For the past five years, a history teacher has been working with a community in Guatemala to ensure their water supply is safe. Recently, he received a national grant to continue this work.
National Grant Awarded for Water Safety Project
The National Science Foundation’s Science and Technology Studies program awarded Nick Copeland, an anthropologist in the history department at Virginia Techa $360,000 grant for the project “Participatory Water Science and Resistance to Extractivism.” According to the sourcethis grant will enable Copeland and his team to further their efforts in monitoring water safety and training advocates over the next three years.
Addressing Contamination Concerns
The collaborations between Copeland and the Guatemalan community began in 2018 when community organizations raised concerns about contamination from the Escobal silver mine. Working together, they discovered elevated levels of arsenic in surface water near the mine. While it was not determined whether these levels were directly caused by the mine itself, it was evident that the existing water treatment plant was not effectively removing arsenic from the water.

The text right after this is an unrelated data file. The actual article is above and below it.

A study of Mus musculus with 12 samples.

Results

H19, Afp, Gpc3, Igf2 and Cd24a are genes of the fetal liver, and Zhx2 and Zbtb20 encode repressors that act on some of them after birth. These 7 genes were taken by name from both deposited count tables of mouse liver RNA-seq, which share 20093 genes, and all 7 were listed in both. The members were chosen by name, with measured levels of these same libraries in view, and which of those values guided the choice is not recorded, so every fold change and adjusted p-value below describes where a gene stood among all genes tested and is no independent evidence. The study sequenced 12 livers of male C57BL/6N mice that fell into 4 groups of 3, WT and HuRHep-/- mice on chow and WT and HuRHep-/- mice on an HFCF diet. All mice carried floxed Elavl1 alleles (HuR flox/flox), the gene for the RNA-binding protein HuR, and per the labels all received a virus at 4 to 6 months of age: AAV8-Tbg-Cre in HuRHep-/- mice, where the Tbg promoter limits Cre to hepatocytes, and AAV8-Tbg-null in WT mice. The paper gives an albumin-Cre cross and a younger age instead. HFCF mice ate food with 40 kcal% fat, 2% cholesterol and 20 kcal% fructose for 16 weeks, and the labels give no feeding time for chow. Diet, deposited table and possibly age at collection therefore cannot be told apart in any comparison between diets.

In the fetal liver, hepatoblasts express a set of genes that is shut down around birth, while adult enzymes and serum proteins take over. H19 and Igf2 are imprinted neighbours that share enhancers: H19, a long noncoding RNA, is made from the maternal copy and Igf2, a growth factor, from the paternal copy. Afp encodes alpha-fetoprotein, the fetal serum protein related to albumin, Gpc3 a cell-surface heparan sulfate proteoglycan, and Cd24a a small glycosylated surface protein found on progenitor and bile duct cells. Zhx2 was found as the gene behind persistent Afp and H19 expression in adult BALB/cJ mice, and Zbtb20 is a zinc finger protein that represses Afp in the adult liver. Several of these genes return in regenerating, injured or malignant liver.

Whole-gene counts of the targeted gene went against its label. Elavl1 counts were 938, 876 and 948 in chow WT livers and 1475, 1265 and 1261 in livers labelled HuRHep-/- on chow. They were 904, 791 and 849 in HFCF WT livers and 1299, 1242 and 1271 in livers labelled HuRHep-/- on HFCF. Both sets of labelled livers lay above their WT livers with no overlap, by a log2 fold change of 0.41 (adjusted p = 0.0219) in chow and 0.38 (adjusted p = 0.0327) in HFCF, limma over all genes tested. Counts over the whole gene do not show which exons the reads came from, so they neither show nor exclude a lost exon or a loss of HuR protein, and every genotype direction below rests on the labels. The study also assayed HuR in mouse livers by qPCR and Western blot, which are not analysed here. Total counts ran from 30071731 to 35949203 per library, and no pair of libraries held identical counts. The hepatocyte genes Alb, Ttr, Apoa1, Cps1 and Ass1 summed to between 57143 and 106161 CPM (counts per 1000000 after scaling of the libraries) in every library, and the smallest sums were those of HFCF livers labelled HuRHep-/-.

Empowering Water Advocates
In response to these findings, Copeland and her team initiated workshops aimed at educating grassroots water advocates on basic water science and providing them with field trial kits. These workshops have empowered community members seeking to protect their waterways by equipping them with essential knowledge and tools. The team has also continued testing with rural and indigenous Guatemalan communities who fear pollution from industries such as sugar cane and oil palm plantations.
A Continuation of Efforts
The recently awarded grant will allow Copeland’s team to carry on monitoring water safety and conducting training sessions for advocates. Over the next three years, they will continue to support communities in their fight for clean water. Additionally, Copeland plans to explore the role of indigenous environmental justice movements in utilizing water science to address industrial development. Through interviews and observations, she aims to understand how participation in science shapes the knowledge, ethics, and skills of community members.
To sum up, Nick Copeland’s ongoing work with a Guatemalan community has received recognition and support through a national grant. This funding will enable them to further their efforts in ensuring safe water supplies and empowering grassroots water advocates. By combining scientific knowledge with community engagement, they aim to address contamination concerns caused by extractive industries. Their work highlights the importance of participatory approaches in achieving environmental justice.